Cuento 5: “Mañanita”
4:25am [Typing, ecstatic]: Marta and Cesar can’t sleep, hear my pacing, and whisper, “Douglas, café?” over the inside wall.
“Agua,” I answer, blow out my light, lock la puerta. My stomach churns from all the café and bile. Flashlight and cup en mi manos, I cross the darkened solar. No luna. I click my foco on.
“Cuento 1” will have to do for the Internet this morning. The rest? Too politically incorrect. I just can’t face the terror. Or bring myself to pray for OHG.
Kíler, the family perro, growls, snorts, starts wagging, his tail thump-thumping my leg. He’s stationed where I used to pee, before mi pichinga. “This dog knows who butters his tortilla,” I snort. Most do, in Nicaragua and in the States, but here, with a difference: understanding “gracias,” they’re grateful for butter, since they almost never get it.
I wait outside the kitchen door, click off the foco, my shoulders slumped with metaphysical defeat. I can’t see a foot in front of me. There’s not a streetlight for miles. Slasher territory, es cierto. On goes the foco. Cesar’s removing la barricada within, their night’s further caution: a lock’s too expensive, since it’d need attaching to a brand new puerta.
I hear Marta light a candela. Her door finally opens. I enter, sit. The barricade goes back up.
"You're sad again, mi hermano." Cesar knows me inside-out. So does Marta. "It's true, es verdad, but I'm happy to be with you, familia." We loll, wiped but smiling, in red plastic sillas, drink each other’s salud, one more time, in the Nica candle’s glow.
"And, to my haunted government, peace, por favor, gracias por todo," I whisper. We nod, wryly, grin, clink our cups.
“Douglas, have you used "Pichinguita," yet?” Cesar laughs at his new coinage.
“She's full,” I reply, on the beat, and once again, los trés are muchachos, giggling under hands, not to wake the niños. Or, sleeping in la sala, just over the wall, my Betanco parents, sighing in the Nicaraguan noche. I gulp mi agua. "Ay, Pichinguita!"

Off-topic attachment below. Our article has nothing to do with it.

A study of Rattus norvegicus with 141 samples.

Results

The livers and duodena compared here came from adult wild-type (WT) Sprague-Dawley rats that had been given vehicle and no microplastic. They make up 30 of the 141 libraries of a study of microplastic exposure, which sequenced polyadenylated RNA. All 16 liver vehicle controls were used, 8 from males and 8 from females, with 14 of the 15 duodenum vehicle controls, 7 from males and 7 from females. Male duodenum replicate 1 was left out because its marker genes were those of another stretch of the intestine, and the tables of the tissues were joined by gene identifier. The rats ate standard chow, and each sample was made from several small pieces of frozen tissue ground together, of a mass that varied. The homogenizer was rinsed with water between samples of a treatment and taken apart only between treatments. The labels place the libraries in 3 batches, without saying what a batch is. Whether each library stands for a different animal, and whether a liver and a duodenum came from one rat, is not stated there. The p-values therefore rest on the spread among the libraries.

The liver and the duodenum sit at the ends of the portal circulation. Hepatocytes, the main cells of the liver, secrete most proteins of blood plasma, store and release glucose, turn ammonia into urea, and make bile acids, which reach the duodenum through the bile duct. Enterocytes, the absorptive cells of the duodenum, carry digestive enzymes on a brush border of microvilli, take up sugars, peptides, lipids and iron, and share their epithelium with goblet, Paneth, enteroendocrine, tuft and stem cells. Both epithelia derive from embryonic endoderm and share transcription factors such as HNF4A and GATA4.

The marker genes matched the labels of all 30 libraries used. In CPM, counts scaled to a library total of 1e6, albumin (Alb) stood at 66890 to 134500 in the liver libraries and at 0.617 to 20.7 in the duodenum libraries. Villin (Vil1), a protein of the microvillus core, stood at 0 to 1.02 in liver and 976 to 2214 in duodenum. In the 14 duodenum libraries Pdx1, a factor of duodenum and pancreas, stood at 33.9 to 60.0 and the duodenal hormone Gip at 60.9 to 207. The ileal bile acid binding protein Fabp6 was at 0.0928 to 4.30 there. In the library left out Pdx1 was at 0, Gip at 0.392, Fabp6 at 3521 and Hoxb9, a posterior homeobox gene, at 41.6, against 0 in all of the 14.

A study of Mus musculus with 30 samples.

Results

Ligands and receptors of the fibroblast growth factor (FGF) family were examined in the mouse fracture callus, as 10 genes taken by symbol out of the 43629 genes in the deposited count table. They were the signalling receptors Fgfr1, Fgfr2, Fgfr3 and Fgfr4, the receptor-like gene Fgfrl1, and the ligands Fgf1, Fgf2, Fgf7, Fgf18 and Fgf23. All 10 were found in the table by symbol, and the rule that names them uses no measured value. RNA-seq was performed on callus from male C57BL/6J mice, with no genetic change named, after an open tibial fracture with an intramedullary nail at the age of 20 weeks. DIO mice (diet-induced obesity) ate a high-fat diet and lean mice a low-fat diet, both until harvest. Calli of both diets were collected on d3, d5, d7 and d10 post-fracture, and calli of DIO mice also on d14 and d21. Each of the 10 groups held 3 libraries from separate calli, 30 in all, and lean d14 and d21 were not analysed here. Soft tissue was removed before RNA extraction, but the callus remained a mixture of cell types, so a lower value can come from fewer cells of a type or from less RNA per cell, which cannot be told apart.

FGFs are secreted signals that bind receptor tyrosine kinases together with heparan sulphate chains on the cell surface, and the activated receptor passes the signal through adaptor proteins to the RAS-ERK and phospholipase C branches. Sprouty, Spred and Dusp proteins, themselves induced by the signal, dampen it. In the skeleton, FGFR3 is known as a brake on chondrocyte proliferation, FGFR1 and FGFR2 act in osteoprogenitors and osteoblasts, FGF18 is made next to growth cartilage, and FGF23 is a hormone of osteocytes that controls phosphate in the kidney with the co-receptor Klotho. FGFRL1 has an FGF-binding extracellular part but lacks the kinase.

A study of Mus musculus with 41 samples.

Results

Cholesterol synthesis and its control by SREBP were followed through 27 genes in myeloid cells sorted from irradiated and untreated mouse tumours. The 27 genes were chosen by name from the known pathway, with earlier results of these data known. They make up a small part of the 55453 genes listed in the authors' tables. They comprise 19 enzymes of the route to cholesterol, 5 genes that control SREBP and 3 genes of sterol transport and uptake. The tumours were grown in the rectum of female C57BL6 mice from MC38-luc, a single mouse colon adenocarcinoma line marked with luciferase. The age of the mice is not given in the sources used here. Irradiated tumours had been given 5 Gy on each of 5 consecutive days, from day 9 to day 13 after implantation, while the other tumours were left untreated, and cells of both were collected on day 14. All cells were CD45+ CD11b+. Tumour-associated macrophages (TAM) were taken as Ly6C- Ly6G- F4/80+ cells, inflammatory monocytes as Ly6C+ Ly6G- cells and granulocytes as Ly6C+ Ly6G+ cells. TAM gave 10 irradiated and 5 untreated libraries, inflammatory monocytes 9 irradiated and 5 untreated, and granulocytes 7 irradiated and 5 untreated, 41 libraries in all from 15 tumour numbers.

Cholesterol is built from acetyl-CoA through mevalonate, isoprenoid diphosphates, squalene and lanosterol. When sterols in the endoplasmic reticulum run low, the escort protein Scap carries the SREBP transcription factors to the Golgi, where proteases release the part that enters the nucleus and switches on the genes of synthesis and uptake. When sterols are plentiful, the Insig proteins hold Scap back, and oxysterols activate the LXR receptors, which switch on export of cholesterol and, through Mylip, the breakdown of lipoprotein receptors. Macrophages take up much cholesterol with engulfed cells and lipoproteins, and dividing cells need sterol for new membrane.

Don Moncho talks in his sleep. “Mi amor,” he murmurs, at almost 80. What a macho!
Palomas coo, flutter in the rafters.
We’re startled by a bolo, roaring out his drunkenness too near, outside on the road: this sets off Kíler, ferocious Chow from Hell en la noche, and dainty vicious Pinta, black and white whippet, who, in eternal round, spark the roosters’ crowing, early, before even a blip of a promising glimmer, yet, in the eastern sky. Marta asks if Cesar’s got his machete. He checks his bota.
She listens quietly. “So many voices, in here, out there.” She sips her café. “Can you hear them en la vienta, Douglas, in the wind? Oh, they cause us no harm, gliding east and west, south and north, a country of whispers. En noche, they sing. Douglas, can you hear?”
“Only the breeze, mi hermana.”
“Douglas,” says Cesar, “they’re the spirits of sleeping campesinos, whispering as we do here, but from their dreams. Common as pichingas, they sing so bravo from their hearts, so hushed now, from pobre to pobrecito.”
“Cesar, mi hermano, what do they say, amigo?”
“Listen, hombre. Just listen.”
A macaw screeches in the kapoks down by the rio Limon.
Palm trees rustle in the dawning swell.
I hear it, though not in the wind, as Marta’d said. Rather, in my breath, the loudest stillness:
"Estoy libre! Estoy libre! Si, si, I am free!”
It leads me to a certain rapture. For one-sweet-endless minuto, everything is right.
"Por favor, la barricada, y gracias, hermanos. I need to get back to my writing." Then, comes a distant ángelus, the bells of welcome to the sun. Ay, Chihuahua, this miracle place! Dawn breaks in Teote, lights the restless heartland of a freer Nicaragua.